WordPress is a great tool for many things though one of the challenges you may run into is handling time-consuming tasks such as sending emails, processing images, and running database queries. These tasks can slow down the website’s performance and lead to a poor user experience.

One way to address this challenge is to use asynchronous task processing. This involves executing time-consuming tasks in the background, separate from the main WordPress request-response cycle. This approach frees up the website to handle other requests while the task runs in the background.

RabbitMQ is a message broker that can be used to implement asynchronous task processing in WordPress. RabbitMQ provides a reliable and scalable platform for sending and receiving messages between different systems. It enables developers to create decoupled systems that can handle a large volume of messages and scale horizontally as needed.

In this article, we will explore how to use RabbitMQ for asynchronous task processing in WordPress during custom WordPress plugin development. We will specifically look at how to implement RabbitMQ in your WordPress plugin using the popular php-amqplib library.

Before you do any coding, you’ll need to install rabbitMQ. They have a pretty exhaustive guide on how to do this here.

Now on to the coding.

Add to your plugin. This can also be done in your functions.php file.

composer require php-amqplib/php-amqplib

composer require vlucas/phpdotenv

That done, add new environment variables to store your RabbitMQ connection details. Create a file named .env and add to it the following:


These are the default credentials when you first install rabbitMQ. This guide (starting at Step 3: Set Up RabbitMQ Administrative User) talks through how to change them.

Next, add this class to your plugin or theme.


use PhpAmqpLib\Connection\AMQPStreamConnection;
use PhpAmqpLib\Message\AMQPMessage;

 * The RabbitMQ queue
class My_RabbitMQ {
    private $queue_name = 'wordpress';

    public function add_to_queue( array $raw_message ){
            return new \WP_Error( 'action_not_specified', __( "The 'action' key has not been specified", "my-plugin" ) );
        $raw_message['site_name'] = get_bloginfo('name');
        $raw_message['site_url'] = get_bloginfo('wpurl');
        $connection = new AMQPStreamConnection( $_ENV['RABBIT_MQ_HOST'], $_ENV['RABBIT_MQ_PORT'], $_ENV['RABBIT_MQ_USERNAME'], $_ENV['RABBIT_MQ_PASSWORD'] );
        $channel = $connection->channel();
        $channel->queue_declare( $this->queue_name, false, true, false, false );
        $msg = new AMQPMessage( json_encode($raw_message) );
        $channel->basic_publish( $msg, '', $this->queue_name );


This class makes it possible for you to add messages to your rabbitMQ queue. Notice that while adding messages, it checks that an action key has been set (more on that later) and then it appends the site name and URL to the message. These are useful if you’ll use the same queue for different WordPress websites. How do you make use of this class so that you can add messages to your queue? After the class has been included in your code, run:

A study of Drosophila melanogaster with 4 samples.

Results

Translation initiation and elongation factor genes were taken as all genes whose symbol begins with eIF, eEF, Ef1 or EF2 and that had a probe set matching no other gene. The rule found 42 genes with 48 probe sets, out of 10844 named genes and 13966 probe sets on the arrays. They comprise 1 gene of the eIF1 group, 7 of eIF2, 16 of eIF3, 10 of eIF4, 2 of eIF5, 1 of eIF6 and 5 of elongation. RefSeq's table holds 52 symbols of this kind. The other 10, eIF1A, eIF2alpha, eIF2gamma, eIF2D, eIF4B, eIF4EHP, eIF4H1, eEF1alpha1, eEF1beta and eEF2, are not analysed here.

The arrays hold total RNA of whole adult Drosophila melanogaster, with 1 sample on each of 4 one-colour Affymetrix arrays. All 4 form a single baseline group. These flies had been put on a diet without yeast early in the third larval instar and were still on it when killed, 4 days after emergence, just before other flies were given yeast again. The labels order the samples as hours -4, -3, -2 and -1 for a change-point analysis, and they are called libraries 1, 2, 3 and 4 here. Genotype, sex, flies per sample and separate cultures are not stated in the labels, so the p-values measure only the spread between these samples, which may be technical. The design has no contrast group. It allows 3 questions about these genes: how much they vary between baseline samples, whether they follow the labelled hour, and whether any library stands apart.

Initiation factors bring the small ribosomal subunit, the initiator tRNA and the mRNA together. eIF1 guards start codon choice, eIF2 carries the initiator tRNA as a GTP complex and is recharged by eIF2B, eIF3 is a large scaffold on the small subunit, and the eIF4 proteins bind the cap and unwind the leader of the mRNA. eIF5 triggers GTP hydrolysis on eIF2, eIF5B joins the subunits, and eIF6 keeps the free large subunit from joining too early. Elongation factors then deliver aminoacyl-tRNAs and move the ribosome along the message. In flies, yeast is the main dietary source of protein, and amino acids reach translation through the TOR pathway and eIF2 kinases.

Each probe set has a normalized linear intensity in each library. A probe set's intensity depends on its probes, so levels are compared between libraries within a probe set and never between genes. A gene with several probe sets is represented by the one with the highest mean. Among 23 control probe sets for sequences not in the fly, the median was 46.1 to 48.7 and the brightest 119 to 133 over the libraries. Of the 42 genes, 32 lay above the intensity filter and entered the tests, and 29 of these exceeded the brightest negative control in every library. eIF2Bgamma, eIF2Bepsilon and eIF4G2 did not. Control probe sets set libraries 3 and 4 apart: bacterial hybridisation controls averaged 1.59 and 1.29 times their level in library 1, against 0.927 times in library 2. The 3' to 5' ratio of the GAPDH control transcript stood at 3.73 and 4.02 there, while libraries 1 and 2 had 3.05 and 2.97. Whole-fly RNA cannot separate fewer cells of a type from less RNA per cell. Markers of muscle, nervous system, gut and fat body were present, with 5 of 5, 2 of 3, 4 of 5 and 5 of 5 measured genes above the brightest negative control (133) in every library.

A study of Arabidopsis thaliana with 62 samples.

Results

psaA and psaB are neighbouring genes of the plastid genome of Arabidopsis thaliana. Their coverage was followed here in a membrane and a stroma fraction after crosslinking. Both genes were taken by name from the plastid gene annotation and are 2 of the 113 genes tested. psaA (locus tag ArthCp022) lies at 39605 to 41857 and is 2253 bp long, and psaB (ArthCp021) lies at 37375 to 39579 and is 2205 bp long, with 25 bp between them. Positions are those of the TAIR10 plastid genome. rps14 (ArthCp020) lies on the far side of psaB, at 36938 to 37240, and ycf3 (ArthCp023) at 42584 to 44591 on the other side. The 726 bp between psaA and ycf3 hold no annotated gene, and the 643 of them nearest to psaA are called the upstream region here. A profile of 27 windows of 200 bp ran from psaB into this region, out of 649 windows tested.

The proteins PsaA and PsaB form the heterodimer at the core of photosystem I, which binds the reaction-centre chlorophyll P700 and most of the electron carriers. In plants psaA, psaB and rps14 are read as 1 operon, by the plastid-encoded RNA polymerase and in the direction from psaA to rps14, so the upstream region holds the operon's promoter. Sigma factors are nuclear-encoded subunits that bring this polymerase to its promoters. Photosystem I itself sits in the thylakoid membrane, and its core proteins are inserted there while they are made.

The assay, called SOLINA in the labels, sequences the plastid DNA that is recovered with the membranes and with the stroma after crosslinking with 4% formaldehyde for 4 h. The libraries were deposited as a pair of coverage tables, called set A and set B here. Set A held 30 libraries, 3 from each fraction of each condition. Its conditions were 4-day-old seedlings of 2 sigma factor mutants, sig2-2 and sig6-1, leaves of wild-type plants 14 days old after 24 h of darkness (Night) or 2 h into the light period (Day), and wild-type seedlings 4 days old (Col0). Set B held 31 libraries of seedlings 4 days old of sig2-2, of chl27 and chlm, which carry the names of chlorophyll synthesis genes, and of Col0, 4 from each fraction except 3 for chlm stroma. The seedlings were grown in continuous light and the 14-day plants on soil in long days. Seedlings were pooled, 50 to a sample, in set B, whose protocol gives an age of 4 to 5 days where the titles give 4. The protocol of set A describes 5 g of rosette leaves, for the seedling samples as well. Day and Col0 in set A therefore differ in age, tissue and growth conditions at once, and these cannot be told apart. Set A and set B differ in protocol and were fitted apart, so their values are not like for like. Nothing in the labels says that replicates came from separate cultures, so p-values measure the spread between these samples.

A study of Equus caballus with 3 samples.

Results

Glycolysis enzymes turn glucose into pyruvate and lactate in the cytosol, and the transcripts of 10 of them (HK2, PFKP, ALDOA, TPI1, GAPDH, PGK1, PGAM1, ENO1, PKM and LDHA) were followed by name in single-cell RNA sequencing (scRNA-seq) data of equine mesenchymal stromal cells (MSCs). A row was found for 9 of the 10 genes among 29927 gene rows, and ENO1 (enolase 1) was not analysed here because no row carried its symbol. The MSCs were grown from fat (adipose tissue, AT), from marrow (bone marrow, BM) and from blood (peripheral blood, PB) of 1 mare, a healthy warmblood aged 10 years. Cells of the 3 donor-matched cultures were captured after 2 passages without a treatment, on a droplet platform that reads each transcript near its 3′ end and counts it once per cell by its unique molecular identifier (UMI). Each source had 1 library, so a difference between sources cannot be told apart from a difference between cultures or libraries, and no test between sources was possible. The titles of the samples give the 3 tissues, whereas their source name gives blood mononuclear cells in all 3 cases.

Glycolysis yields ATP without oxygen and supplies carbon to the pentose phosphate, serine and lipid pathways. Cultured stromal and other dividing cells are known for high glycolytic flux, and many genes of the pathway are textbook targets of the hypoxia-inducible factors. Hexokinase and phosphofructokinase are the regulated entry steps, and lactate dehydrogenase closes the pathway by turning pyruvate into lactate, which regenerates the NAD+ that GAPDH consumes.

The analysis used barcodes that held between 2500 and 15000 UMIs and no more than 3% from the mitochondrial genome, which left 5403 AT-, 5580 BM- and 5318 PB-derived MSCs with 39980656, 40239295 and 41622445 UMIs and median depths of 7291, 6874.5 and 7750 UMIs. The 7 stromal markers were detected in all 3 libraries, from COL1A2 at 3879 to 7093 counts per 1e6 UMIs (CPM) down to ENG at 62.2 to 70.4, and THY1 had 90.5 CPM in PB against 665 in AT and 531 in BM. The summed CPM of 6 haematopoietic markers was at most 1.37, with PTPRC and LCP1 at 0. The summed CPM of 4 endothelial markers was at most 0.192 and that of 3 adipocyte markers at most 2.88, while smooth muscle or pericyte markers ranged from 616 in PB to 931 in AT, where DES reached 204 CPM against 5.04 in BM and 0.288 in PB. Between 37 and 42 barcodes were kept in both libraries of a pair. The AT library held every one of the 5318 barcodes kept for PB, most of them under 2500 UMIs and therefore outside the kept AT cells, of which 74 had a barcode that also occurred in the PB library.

$rabbitmq = new My_RabbitMQ();
            $queue_message = [ 'action' => 'my_plugin_custom_action', 'key_one' => 'keyOneData, 'key_two' =>  'keyTwoData'];

That’s it. Your message with action my_plugin_custom_action has been added to your RabbitMQ queue. Now, you need a worker to pick up that message and do something with it. To do that, create a script rabbitmq-worker.php and to it add:


require_once __DIR__ . '/vendor/autoload.php';
use PhpAmqpLib\Connection\AMQPStreamConnection;

// Load WordPress 

// Load env variables
$dotenv = Dotenv\Dotenv::createImmutable(__DIR__);

$connection = new AMQPStreamConnection( $_ENV['RABBIT_MQ_HOST'], $_ENV['RABBIT_MQ_PORT'], $_ENV['RABBIT_MQ_USERNAME'], $_ENV['RABBIT_MQ_PASSWORD'] );
$channel = $connection->channel();
$queue_name = 'wordpress';

$channel->queue_declare($queue_name, false, true, false, false);

error_log( 'kanzu-rabbitmq| [*] Waiting for messages. To exit press CTRL+C\n');

$callback = function( $msg ) {
  $raw_message = json_decode($msg->body);
  do_action($raw_message->action, $raw_message);
  error_log( "kanzu-rabbitmq| [x] Received {$msg->body}\n");
  $msg->ack(); // Acknowledge the message. 

$channel->basic_consume( $queue_name, '', false, false, false, false, $callback );

while( count( $channel->callbacks ) ) {


This worker goes to the queue, retrieves a message and then calls the action you set in that message. Remember that when adding a message to the queue, we set an action my_plugin_custom_action . This worker will call any method attached to that action. The last piece to get your asynchronous code working is to attach a callback to the my_plugin_custom_action action. To do this, do it the usual way


function perform_custom_action( $args){
$key_one = $args->key_one;
$key_two = $args->key_two;
// Do whatever time-consuming, resource-heavy task you need to do

Run the worker on your server by running:

php rabbitmq-worker.php & 

The worker writes to debug.log if you’ve turned debugging on. This is useful during development but you’d need to turn this off in production and write the logs to a more appropriate location.